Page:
Teina Pora, Louise Nicholas and four prisoners from Christchurch are featuring in a photographic exhibition that opened on Friday, 7 August 2015, at the Gus Fisher gallery in Auckland.
The exhibition, ‘No Free Man: To No One Deny Justice’, marks the 800th anniversary of the signing of the Magna Carta in 1215, and the photos were taken by photographer Nigel Swinn.
Mr Swinn, who worked closely with the Department of Corrections to capture the images of the prisoners, has focused on faces to tell the story of how the Magna Carta has affected law in New Zealand.
“We wanted to put at the heart of this exhibition people who had truly experienced the rule of law in our society and put a face to the notion of justice when it’s not just an absolute human right but, for better of worse, a profound influence on our lives,” said Mr Swinn.
The four prisoners – two from Christchurch Women’s Prison and two from the Matapuna Unit at Christchurch Men’s Prison – are also involved in the new series of the Maori television programme, Songs from the Inside, to be broadcast later this year.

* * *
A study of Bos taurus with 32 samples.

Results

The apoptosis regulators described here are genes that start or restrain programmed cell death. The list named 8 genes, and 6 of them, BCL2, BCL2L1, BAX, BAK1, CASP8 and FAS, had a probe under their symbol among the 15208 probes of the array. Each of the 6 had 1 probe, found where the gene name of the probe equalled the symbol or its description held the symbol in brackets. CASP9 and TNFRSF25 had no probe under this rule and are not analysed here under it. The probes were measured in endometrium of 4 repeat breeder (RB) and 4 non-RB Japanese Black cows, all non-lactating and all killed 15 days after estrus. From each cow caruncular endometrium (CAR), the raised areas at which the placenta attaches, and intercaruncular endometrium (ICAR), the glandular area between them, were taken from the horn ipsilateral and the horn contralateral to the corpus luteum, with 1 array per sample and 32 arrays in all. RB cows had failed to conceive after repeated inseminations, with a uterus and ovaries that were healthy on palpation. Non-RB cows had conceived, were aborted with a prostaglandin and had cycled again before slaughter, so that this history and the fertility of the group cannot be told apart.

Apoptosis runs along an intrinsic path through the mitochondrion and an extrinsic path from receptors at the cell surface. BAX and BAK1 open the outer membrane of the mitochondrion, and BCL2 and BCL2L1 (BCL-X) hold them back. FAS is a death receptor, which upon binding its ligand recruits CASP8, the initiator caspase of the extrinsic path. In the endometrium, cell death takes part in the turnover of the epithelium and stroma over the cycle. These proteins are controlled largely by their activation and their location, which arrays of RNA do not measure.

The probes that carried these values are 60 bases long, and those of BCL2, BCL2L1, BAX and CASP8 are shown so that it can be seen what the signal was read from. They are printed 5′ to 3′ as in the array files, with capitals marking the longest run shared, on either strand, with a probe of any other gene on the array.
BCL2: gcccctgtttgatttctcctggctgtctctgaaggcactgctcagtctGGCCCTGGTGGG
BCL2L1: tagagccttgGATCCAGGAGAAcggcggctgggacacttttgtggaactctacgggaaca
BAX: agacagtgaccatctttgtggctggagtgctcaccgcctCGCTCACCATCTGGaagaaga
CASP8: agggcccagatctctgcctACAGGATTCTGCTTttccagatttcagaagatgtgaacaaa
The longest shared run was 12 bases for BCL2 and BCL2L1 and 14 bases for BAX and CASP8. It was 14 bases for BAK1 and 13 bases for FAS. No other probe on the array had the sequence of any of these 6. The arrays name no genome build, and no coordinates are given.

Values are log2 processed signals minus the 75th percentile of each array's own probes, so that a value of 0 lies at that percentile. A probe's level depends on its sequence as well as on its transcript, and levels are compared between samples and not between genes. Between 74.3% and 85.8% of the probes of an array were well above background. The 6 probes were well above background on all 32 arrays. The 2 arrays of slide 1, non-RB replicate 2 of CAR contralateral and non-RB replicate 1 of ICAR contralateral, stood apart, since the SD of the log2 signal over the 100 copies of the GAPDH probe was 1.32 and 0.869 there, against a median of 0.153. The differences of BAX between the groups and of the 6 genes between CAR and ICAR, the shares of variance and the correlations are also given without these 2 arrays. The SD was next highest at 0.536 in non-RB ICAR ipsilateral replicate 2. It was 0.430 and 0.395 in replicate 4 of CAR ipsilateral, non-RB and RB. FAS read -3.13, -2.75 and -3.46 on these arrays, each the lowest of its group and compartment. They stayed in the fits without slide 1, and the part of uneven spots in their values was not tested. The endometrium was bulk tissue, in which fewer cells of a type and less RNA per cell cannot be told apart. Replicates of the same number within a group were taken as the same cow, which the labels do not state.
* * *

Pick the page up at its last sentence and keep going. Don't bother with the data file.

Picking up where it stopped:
Prof David V Williams of the Faculty of Law at the University of Auckland, said the exhibition was a contribution to events invoking the spirit of the Magna Carta, with a particular focus on people and freedoms in Aotearoa New Zealand.
“These photos ask you to reflect on justice and injustice, on criminals and victims. No legal system is perfect, but miscarriages of justice are likely to occur more frequently where citizens do not care about justice or injustice, where advocates of victims do not speak up, and where lawyers for prosecution and defence do not vigorously argue the merits of the evidence tendered to judges and jurors.”
Crossing boundaries was a central theme of the exhibition, explained Dr Erin Griffey, curator of the exhibition and head of art history at the University of Auckland.
“While the accused have a voice through the legal system, prisoners are often both physically and figuratively behind bars: invisible and mute to the public. This exhibition gives prisoners a public and humane presence.”
Associate professor of law, Scott Optican, commended the exhibition.
“Public discourse around criminal justice often transforms those involved with that system into abstract representations of guilt, innocence, victimisation, menace or custody,” he said.
“Regardless of one’s perspective on such matters, this collection of portraits reminds us of the human actors whose lives have been touched, and in many cases irrevocably transformed, by their encounters with criminal law processes.”
The ‘No Free Man’ exhibition runs until 26 September 2015 at the Gus Fisher Gallery, Shortland Street, Auckland.